Devils Water – what a name! This river grade III (IV) river is a tributary of the River Tyne and joins the Tyne just west of Corbridge. As you enter Corbridge follow the signs for the A695 and Hexham. This will take you right over the river and will allow a judgement to be madee on the water level. At the bridge near Dilston, the final rapid can be seen, if the rocks are covered the river is worth a go. This is also the preferred get out point.
The get in is very near the hamlet of Steel. A small stone bridge crosses the river just before the hamlet. Enough room can be found to park one or two cars at the most. Please make sure you leave enough room so the bridal way/track can be accessed by farm/forestry workers.
The river is narrow from the start with trees being a real hazard after heavy rain fall. From the “Steel” bridge the river gets off to a bang with a 2m fall within the first few metres. Keep tight to the obvious line and you shouldn’t have any problems. The river then enters a tight gorge with plenty of small boulders/large rocks to negotiate. Small falls follow that are easily shot following the main flow. As you enter Linnel woods Devils Water decends rapidly over a long rock shelf. Along its length a siginificant number of stoppers are created. The shelf itself is channelled in such a way that you boat is always being pushed side on to the stoppers at medium water levels.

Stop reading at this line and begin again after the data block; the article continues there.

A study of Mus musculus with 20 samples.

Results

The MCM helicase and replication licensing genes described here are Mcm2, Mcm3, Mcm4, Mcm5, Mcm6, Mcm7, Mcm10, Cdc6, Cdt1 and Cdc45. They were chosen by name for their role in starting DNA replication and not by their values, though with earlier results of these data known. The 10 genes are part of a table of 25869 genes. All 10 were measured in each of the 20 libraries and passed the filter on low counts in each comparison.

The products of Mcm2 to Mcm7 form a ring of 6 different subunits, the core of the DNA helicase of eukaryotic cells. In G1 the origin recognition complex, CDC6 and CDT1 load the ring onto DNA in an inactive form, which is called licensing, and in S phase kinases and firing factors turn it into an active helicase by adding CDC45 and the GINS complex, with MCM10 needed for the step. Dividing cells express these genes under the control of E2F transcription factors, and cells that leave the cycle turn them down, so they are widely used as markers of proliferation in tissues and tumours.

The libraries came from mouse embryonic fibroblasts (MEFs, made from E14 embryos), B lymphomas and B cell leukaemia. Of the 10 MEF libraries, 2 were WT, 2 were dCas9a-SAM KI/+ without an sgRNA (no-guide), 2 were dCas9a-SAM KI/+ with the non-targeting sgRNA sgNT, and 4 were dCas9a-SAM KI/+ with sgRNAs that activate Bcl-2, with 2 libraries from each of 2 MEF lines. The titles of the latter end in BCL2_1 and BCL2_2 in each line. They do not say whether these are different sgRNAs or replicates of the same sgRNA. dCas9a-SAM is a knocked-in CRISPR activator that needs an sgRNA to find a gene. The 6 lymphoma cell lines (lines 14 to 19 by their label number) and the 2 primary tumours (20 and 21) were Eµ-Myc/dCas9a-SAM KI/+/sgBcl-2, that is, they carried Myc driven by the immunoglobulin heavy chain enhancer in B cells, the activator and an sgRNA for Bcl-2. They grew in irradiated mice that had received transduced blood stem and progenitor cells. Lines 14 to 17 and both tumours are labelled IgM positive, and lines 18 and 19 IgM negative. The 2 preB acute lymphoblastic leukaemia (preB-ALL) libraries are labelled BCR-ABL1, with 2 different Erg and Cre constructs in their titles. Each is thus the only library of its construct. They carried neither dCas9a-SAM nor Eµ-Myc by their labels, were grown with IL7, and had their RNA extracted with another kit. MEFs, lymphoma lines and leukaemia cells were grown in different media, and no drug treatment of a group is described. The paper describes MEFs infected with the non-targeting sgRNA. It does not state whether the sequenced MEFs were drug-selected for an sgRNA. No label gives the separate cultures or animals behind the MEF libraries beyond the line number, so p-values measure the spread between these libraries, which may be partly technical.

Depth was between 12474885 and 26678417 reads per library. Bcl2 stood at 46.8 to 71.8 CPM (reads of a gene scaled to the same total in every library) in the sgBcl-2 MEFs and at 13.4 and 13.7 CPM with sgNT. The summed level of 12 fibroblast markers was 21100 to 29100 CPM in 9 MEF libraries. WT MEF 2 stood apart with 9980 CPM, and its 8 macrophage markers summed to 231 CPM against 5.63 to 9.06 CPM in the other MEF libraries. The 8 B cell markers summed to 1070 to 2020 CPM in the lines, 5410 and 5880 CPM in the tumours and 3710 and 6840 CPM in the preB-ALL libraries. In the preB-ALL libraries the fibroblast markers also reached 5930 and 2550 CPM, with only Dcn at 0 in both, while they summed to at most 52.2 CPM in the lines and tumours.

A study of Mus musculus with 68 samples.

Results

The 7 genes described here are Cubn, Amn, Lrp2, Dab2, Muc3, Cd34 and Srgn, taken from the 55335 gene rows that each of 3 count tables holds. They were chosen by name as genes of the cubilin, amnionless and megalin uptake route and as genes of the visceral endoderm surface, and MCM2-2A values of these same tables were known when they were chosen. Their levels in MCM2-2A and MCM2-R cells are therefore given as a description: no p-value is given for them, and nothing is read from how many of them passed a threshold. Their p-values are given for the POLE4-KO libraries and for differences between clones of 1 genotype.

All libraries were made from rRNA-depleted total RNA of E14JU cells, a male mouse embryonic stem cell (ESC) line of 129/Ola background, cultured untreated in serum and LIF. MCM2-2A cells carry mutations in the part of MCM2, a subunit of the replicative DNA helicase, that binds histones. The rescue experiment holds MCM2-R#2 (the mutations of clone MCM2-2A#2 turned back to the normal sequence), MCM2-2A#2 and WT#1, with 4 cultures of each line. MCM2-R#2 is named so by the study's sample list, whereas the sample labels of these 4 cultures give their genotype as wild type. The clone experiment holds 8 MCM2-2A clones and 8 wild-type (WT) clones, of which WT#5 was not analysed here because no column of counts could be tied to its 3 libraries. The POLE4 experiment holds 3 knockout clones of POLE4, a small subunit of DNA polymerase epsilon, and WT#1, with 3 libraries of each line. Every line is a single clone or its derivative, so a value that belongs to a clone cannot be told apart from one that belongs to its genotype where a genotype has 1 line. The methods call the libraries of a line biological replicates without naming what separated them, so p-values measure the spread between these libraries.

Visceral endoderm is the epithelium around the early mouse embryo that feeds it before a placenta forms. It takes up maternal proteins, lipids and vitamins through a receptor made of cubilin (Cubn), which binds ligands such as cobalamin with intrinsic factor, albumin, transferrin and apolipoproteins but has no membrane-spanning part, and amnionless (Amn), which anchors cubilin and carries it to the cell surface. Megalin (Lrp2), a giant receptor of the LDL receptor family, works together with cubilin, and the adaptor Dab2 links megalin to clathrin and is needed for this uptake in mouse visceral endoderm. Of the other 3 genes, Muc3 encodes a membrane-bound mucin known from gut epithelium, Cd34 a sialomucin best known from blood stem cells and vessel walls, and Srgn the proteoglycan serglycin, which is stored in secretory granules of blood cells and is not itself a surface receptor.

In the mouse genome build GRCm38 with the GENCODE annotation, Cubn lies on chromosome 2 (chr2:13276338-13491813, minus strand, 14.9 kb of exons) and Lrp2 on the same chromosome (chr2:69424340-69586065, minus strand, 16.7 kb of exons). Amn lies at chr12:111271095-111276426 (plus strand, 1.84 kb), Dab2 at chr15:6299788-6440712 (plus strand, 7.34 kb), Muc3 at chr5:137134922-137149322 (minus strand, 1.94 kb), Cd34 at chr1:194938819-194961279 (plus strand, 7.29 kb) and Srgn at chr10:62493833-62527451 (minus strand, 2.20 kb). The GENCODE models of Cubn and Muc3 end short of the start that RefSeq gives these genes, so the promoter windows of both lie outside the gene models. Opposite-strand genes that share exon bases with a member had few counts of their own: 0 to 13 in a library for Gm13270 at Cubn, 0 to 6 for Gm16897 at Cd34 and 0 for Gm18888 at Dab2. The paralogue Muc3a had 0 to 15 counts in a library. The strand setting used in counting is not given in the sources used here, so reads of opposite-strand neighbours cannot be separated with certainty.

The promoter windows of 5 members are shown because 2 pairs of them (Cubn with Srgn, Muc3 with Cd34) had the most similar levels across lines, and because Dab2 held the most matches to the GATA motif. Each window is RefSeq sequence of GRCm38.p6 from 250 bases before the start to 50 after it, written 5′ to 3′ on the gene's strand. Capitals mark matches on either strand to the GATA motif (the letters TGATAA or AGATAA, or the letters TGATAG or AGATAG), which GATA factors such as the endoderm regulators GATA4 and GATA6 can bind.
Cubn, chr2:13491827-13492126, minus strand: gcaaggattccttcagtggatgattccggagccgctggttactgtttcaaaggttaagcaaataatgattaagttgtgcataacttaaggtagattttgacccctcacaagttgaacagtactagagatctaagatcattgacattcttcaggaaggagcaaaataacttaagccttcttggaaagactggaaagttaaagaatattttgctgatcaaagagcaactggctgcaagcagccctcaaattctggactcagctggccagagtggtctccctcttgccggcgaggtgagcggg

At Linnels a road bridge signals a grade III fall. This can be shot in the centre but is pretty tight. After the fall the river eases off until you reach the Scout Camp and a massive horseshoe weir at anything more than lower levels the weir should be portaged as the towback is serious and the ends of the weir are completely enclosed.
After the weir the river picks up a little as you get close to the get out and the final rapid. The route is obvious. The get out can be taken just above the bridge river left or below the bridge river right.